Current job announcements:
Please continue to check this page for future opportunities.
Equal Justice Works believes that a just society requires access to justice under the law for all of its citizens, regardless of income or background. Public interest lawyers are the best way to close the justice gap and use the legal system to protect and uplift individuals and communities. We empower law students and young lawyers to serve the most vulnerable among us across the country, including veterans, children, people with disabilities, immigrants, victims of trafficking and abuse, low-income communities, and more. In addition to our several highly competitive Fellowship programs, we offer resources for law students to manage their debt, eliminating financial barriers to the pursuit of public interest careers.
The economic downturn starting in 2008 had a profound impact on the legal profession. Big law firms laid off lawyers and deferred hiring new associates. Entering law school classes dropped from 50,000 five years ago to roughly 36,000 today. Legal aid programs suffered enormous cuts in funding even though the legal needs of low-income communities grew dramatically.
At the same time, Equal Justice Works entered a period of historic growth. We have expanded quickly by adding new staff, launching multiple new postgraduate Fellowship programs, and developing new channels to reach diverse audiences in promoting our programs and articulating the social need to close the justice gap by mobilizing talented young lawyers. In the last two years we launched four major, federally funded postgraduate Fellowship programs, increasing the number of Fellows in the field from 150 in 2013 to more than 250 in 2014. As well, we have nearly doubled the number of companies and organizations sponsoring our privately funded Fellows, going from 34 in 2011-2012 to 60 in 2013-2014.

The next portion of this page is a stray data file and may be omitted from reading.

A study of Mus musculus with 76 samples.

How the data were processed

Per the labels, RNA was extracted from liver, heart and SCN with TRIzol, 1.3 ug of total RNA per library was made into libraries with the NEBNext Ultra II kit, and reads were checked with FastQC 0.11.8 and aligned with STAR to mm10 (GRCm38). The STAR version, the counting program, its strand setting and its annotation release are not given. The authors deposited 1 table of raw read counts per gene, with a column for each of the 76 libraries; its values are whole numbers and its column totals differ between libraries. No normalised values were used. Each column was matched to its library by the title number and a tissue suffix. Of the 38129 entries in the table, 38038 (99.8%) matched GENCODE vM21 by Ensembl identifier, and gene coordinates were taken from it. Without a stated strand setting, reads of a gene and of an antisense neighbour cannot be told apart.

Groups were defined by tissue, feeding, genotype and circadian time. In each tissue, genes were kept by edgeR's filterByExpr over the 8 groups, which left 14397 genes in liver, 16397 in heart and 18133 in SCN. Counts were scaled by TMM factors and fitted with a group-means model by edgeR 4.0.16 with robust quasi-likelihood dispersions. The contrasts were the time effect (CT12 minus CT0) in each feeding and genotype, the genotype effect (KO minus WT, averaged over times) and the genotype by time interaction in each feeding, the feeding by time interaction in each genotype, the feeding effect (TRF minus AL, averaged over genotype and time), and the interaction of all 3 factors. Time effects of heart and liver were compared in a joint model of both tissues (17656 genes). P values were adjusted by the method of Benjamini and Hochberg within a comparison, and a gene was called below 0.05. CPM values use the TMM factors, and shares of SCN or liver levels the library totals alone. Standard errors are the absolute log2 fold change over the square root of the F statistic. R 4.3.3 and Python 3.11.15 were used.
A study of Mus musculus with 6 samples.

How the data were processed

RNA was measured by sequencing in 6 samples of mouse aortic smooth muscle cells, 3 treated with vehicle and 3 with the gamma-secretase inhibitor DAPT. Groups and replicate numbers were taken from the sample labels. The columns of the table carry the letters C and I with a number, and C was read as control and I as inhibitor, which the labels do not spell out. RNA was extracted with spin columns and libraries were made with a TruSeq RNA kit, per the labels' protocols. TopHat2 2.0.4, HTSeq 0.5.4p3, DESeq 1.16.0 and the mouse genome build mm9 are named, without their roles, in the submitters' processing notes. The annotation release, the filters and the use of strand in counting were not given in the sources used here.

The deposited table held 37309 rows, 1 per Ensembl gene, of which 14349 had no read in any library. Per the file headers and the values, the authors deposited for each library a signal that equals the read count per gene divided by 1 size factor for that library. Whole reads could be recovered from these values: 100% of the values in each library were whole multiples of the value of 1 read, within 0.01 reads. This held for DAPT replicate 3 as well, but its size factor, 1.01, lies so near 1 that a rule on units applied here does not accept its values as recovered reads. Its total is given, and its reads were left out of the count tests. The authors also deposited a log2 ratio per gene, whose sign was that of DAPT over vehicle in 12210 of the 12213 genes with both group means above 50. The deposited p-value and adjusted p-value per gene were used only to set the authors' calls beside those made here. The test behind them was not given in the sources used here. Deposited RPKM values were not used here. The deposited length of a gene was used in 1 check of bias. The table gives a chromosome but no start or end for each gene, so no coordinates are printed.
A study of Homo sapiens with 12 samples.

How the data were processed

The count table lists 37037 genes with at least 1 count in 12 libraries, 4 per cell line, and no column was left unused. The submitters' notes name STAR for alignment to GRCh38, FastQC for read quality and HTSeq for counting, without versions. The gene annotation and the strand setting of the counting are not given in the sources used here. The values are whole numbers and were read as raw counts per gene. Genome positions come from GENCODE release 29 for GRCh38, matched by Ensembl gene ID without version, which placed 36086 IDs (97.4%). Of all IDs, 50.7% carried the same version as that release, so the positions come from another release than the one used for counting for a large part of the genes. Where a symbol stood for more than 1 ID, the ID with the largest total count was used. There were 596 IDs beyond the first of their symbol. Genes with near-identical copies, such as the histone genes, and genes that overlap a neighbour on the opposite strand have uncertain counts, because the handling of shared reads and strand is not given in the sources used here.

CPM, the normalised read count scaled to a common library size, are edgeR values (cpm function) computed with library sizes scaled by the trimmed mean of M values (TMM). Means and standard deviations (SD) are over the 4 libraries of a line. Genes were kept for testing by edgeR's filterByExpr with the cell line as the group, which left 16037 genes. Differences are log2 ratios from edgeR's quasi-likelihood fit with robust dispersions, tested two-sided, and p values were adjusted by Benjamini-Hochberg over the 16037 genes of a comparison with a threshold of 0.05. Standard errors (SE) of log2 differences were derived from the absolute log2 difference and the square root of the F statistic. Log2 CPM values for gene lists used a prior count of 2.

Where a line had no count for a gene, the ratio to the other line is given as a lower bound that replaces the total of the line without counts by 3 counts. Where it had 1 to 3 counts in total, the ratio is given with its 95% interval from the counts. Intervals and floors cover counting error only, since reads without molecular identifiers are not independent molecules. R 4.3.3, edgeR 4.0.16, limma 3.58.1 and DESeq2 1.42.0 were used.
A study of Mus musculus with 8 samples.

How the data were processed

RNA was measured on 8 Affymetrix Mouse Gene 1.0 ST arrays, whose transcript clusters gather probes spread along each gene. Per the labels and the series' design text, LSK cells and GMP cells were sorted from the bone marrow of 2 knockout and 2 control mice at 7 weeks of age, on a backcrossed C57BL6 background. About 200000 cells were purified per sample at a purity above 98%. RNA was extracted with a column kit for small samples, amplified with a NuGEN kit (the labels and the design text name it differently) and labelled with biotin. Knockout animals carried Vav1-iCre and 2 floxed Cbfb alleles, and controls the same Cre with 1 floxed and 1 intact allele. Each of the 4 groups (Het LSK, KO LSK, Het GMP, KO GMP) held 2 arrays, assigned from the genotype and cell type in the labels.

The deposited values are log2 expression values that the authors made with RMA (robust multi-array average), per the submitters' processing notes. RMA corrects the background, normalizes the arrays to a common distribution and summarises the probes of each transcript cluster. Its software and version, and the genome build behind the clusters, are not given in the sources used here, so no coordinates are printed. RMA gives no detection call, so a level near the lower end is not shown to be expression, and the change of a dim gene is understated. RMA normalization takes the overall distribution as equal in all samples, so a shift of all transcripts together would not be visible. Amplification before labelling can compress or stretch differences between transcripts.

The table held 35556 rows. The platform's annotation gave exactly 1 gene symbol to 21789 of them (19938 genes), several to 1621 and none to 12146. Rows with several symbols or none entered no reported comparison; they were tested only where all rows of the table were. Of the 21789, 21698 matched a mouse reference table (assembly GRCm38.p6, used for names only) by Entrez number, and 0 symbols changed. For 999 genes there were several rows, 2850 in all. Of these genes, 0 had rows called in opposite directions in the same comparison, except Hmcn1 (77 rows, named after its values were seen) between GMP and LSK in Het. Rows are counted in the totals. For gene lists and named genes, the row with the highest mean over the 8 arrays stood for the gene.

Our recent growth spurt is reflective of the marked progress that we have been making since our inception. Founded by law students 1986, our membership began with just 12 law student groups; today, nearly all ABA-accredited law programs – 199 schools – are members. When we began, there were 16 law schools with Loan Repayment Assistance Programs (LRAPs) in the United States; there are more than 100 today. The appetite for public service among law students and graduates continues to grow, and with 85 percent of alumni remaining in public interest law after their projects are completed, we are proud to say that our continuum of programs launches public interest law careers. Our successful strategies for this ambitious level of growth require leaders who are innovative, resourceful, and hungry for new ideas and new challenges.